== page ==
The Fresh Loaf

News & Information for Amateur Bakers and Artisan Bread Enthusiasts

I am getting very discouraged

Franchiello's picture

I am getting very discouraged

I froze my healthy starter over what I thought was going to be our usual too hot to bake summer (it wasn't, but that's an inexplicable occurrance) and then thawed it out slowly in the refrigerator.  Both the rye and the white starters seemed to have died - I tried feeding them, the rye was too weak and just sat there and got gummy and yucky; the white starter made a valiant attempt to revive, but seems very weak.  I tried making a loaf last weekend - major disaster, very little rise, very little oven spring and two small boules that could be used as deadly projectiles in case of invasion.  I fed the remaining starter with organic rye flour (1:1:1) and it bubbled a little.  It tastes sour, but smells slightly sweet - I'm going to try some unsweetened pineapple juice instead of water with the next feeding just in case there has been an overgrowth of some unwelcome bacteria.  I'd start over again, but having to work full time is not condusive to stirring a little bowl of rye flour mixed with pineapple juice every 30 minutes or so (there's no room on my desk for it once I spead out my manuals, papers, etc.!!) - I'm hoping the pineapple juice does the trick.  Am I on the right track or should I just start over again?

Felila's picture

How did you freeze the starter?

From what I've read online, the proper way to do it is cultivate the starter so that you have a fresh batch, fully active, near peak, and then smear starter across some parchment paper. You want a thin film of starter. Let it dry; scrape off the dried starter and store the powder in the freezer.

(Not clear to me whether you let it dry in the freezer or refrigerator, or just out on the counter. The time I did this, I put the smeared parchment paper in the freezer. Perhaps this was wrong ... but it worked for me.)


hutchndi's picture

I smear good active starter thin on the parchment paper, and let it dry completely. Once it is fully dry, crumple up the parchment paper so all the starter flakes off. store the flakes in a sealed baggie in the freezer.

I don't like to bake in the summer, and I also prefer not to refridgerate my starter. So to avoid daily feeding of my room temp starter, I do the freezer flakes thing until I return to baking in the cooler months, when I take them out and wake them up again. Works great!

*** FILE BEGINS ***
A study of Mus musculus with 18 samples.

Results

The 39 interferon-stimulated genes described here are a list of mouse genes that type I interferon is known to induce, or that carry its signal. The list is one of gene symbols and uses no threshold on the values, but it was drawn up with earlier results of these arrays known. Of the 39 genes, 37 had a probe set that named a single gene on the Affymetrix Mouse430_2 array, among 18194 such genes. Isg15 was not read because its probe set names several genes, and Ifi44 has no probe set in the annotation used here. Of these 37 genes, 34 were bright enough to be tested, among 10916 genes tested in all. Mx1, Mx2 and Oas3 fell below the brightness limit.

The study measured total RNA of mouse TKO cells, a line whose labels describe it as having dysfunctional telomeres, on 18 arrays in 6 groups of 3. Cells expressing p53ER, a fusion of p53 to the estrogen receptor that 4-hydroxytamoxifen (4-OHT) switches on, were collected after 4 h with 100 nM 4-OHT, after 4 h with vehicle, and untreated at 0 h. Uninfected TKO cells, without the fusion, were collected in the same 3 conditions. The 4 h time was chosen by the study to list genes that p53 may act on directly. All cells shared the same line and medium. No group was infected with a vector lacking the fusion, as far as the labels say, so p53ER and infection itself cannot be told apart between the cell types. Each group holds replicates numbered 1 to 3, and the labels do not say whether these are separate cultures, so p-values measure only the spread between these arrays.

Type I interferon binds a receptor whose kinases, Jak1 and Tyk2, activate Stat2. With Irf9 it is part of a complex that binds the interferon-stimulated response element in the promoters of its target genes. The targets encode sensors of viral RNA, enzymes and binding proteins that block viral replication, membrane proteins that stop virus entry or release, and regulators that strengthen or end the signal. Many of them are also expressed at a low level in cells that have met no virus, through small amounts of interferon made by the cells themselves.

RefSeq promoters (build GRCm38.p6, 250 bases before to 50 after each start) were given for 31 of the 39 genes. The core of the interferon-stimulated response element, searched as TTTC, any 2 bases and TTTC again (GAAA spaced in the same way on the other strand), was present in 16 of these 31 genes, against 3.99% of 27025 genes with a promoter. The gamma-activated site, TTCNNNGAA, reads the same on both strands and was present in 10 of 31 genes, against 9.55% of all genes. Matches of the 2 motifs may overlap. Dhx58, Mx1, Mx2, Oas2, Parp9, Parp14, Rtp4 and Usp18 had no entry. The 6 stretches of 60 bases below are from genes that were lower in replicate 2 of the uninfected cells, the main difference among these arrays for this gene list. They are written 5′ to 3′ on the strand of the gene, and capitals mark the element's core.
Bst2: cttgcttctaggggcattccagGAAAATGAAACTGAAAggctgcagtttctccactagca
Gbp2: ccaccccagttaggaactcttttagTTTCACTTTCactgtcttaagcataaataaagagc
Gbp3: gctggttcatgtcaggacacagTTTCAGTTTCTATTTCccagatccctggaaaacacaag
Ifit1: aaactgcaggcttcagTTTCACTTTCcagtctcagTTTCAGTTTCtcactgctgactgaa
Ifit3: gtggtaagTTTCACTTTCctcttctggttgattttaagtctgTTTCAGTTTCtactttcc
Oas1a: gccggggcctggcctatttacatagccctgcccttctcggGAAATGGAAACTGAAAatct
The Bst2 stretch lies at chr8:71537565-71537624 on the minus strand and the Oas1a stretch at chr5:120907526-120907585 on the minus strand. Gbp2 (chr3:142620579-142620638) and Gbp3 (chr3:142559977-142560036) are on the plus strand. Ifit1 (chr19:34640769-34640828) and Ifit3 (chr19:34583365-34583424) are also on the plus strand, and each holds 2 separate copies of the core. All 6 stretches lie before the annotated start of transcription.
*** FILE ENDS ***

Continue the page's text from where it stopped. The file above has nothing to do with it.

RobynNZ's picture

Hi there

I agree with Richard, keep feeding.

This recent thread might give you some encouragement:



Franchiello's picture

I fed my starter, but I recently found out that I had not been feeding it enough to keep it healthy (pre-freezing) - which may explain a lot.  I just froze the goopy starter in a freezer bag, I've tried drying starter but got only a moldy patch of gunk that I had to throw out.   I'm back to feeding it the correct amounts, mostly organic dark rye with some AP flour as part of the dry percentage.  I only fed it twice before I tried a bake - poor thing was not fully recovered from it's Arctic vacation, I suppose!!  Thanks for all the info.

Mini Oven's picture
Mini Oven

I'd start over again, but having to work full time is not condusive to stirring a little bowl of rye flour mixed with pineapple juice every 30 minutes or so...

Um...  not needed.  Even when starting a starter, stirring a few times a day is enough.  Who stirs when their sleeping?  I don't.  

Important is that some the frozen starter is mixed with fresh water and flour and left to sit for at least 24 hours before tempting to refresh it.  Stir if you want to but it is not needed.  Even if the yeasts are dead, the bacteria will be setting up the culture for yeast growth.  No need for pineapple juice unless you have diluted your frozen starter way too much.  If the refreshed starter is getting sour without using pineapple juice, use water.

Freezing a thicker drier starter works better than freezing a liquid one.

BettyR's picture

We live near the Texas Gulf Coast and it gets HOT here. But if I didn't bake we wouldn't have bread, kolaches, muffins, pies, cakes, hamburger, hotdog buns, lasagna, meat loaf, ect. No way could I go all summer and not use my oven. So I had hubby run a gas line and hook up a gas stove in my garage. I picked up a used one at a garage sale for a song. Works great and comes in VERY handy during the holidays.


Here's wishing you good luck with your starter and happy baking. :)

EvaB's picture

summer kitchens for hot climes, and want one for myself, and we are right now about 41F and have been below freezing already, but it gets over 100F in summer so we cook a lot on the grill outside all summer, but I've always wanted a second stove in a cooler space to can on in summer, the kitchen runs around 77, in October, right now its about 71 but by the middle of winter it will be barely 66 in the mornings, we have extra thick insulated walls too! But it can get darn cold here.